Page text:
Although many people are unaware of this issue, heart disease is by far the number one killer of women in the U.S. High blood pressure, high cholesterol, excess weight, diabetes, menopause, smoking and physical inactivity are key heart disease risks. Maintaining a healthy heart requires that we adopt a healthy and beautiful diet low in saturated fats and high in soluble fibre. To reduce your risks, quit smoking, maintain a healthy weight, reduce stress levels and be more physically active. Health and beauty Ideally, exercise in your training zone for 30-45 minutes each day. A power walk is one of the best ways of getting enough exercise to meet this daily requirement. It’s also easy on your joints relative to other exercises, and you can enjoy it with a family member or friend.
According to Prevention Magazine (March 2008), genetics play a role in determining overall breast cancer risk. However, less than 10% of breast cancer cases are hereditary. Other risk factors include increasing age, personal history of breast abnormalities, physical inactivity, being overweight, taking hormone replacement therapy, early menstruation (before the age of 12), late menopause (after age 55), age at your first live birth and family history of breast cancer. To reduce your risk of cancer in general, eat more fruits and vegetables, reduce dietary fat, drink less alcohol, quit smoking and exercise regularly. To reduce your breast cancer risk, in particular, be sure to exercise regularly and maintain a healthy weight. Do your monthly breast self-examinations and have regularly scheduled mammograms from age 40 onwards. If there is a known breast cancer risk based on genetics, surgical and non-surgical options will be discussed with you by your physician.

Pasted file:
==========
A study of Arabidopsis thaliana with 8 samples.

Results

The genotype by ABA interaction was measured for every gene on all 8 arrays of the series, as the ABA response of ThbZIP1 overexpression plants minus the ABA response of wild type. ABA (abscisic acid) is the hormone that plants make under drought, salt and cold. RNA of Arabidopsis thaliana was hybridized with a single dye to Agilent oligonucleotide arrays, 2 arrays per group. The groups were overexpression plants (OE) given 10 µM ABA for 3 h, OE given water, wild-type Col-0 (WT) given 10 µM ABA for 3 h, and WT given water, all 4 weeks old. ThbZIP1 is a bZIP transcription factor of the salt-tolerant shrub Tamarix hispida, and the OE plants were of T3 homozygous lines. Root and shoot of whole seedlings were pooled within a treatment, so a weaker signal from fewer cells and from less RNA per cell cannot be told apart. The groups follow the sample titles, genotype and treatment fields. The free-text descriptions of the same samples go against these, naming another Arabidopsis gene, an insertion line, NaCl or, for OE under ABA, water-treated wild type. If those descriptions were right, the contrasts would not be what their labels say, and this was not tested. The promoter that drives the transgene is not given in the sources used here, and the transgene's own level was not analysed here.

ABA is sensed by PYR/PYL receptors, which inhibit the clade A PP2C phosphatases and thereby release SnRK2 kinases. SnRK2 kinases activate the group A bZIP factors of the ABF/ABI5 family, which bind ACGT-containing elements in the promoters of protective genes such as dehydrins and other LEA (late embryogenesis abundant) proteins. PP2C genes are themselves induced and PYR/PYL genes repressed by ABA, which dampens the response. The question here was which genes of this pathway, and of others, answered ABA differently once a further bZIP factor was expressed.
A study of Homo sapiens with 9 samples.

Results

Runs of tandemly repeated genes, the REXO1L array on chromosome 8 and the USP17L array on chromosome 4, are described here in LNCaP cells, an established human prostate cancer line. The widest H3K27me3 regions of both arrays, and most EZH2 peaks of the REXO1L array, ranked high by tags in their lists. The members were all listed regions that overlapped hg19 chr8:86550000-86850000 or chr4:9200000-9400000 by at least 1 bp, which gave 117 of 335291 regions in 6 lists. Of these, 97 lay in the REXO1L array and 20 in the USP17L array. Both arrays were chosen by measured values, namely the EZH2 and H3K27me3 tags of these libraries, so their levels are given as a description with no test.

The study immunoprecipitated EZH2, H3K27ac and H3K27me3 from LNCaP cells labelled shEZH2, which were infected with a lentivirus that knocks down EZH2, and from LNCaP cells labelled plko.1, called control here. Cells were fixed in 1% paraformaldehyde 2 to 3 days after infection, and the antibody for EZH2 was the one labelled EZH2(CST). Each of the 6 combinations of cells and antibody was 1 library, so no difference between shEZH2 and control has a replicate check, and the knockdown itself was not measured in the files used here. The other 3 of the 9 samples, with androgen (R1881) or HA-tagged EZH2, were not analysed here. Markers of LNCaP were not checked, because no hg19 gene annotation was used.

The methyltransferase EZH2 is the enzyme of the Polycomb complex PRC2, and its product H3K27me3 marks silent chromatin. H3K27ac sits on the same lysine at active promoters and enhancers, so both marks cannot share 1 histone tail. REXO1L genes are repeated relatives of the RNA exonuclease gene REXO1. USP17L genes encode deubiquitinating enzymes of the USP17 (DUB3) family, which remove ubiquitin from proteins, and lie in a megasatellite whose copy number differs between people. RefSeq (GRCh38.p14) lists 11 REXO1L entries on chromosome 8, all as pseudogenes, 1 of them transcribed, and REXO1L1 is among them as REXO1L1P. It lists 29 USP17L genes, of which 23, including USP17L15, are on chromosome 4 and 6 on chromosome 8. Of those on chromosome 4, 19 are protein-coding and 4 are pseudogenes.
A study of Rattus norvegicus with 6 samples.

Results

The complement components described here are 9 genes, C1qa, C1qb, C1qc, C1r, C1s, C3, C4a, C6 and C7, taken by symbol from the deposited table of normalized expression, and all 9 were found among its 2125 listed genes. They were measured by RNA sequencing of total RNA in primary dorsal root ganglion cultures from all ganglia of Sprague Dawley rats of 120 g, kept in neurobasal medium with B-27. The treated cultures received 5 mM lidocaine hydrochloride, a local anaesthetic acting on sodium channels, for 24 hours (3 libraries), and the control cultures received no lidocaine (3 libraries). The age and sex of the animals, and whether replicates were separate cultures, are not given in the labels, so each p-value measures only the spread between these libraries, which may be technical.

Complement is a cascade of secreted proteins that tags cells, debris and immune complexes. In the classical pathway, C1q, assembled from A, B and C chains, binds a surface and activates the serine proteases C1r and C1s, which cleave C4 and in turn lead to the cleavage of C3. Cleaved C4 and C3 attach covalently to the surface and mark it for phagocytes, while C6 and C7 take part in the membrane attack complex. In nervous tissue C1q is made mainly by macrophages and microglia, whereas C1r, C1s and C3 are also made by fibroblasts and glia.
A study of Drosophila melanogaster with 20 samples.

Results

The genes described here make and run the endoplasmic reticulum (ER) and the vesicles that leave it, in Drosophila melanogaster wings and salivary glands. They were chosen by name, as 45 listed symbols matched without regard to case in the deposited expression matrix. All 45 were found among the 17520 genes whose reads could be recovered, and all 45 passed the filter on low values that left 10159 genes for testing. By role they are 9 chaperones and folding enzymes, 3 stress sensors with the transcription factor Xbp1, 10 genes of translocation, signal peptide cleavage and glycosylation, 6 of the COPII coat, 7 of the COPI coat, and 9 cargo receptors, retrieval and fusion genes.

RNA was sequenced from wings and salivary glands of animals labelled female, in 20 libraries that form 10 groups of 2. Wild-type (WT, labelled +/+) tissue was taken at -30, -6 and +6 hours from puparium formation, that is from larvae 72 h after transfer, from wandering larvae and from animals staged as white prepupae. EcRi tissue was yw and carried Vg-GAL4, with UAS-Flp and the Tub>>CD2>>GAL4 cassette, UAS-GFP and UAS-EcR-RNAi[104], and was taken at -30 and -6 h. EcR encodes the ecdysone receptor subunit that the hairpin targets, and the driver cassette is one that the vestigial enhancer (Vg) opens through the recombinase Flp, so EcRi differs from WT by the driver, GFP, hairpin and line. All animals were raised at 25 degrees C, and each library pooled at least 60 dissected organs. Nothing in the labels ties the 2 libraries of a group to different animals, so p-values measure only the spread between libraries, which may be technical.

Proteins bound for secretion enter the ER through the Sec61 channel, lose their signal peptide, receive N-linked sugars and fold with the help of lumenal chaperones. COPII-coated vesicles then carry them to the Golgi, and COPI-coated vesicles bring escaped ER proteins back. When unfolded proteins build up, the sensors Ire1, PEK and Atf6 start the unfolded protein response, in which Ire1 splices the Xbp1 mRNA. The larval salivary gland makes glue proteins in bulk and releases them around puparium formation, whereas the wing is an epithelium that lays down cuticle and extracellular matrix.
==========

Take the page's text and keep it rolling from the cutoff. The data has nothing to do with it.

Obesity and Type 2 Diabetes
Type 2 diabetes is a disease in which your pancreas produces too little insulin, or your body cannot properly use the insulin that it produces. The result is a build-up of glucose (sugar) in your blood. Obesity is a key risk factor for type 2 diabetes. If left uncontrolled, there are many serious complications associated with type 2 diabetes, such as heart disease, kidney problems and possible blindness. Some symptoms of type 2 diabetes are increased thirst, hunger and urination, fatigue, weight loss and blurred vision. To reduce your risk of type 2 diabetes, you should reach a healthy weight, be physically active every day and manage your blood pressure levels if you have high blood pressure. In addition, reduce your intake of saturated fats and increase your consumption of soluble fibre to keep your cholesterol levels in the normal range.
PMS and Menopause
PMS is a prevalent syndrome affecting an estimated 4 out of 10 women in the last two weeks of the menstrual cycle. It is thought that changing hormone levels and brain chemistry play a role in PMS. Many symptoms have been linked to PMS, including irritability, bloating, weight gain, fatigue, abdominal pain, food cravings and forgetfulness. You can manage mild or moderate PMS symptoms by eating a diet rich in complex carbohydrates such as whole-grain bread and vegetables and including 30 minutes of aerobic exercise three times per week. Research indicates that calcium, magnesium, vitamin b6 and evening primrose may also help reduce PMS symptoms. At the end of menstruation, a woman enters menopause and must deal with another set of symptoms. The symptoms of menopause include hot flushes, urinary incontinence, vaginal dryness, breast changes, thinning of the skin, bone loss, increase in LDL (bad) cholesterol levels, increase in heart disease risk, and weight gain. Be sure to see your doctor annually for a breast exam, pelvic exam and mammogram. Exercise regularly to maintain a healthy weight, eat a diet low in saturated fats and high in soluble fibre, and ensure that your calcium and vitamin D intake is adequate. You should also do regular strength training to help strengthen your bones.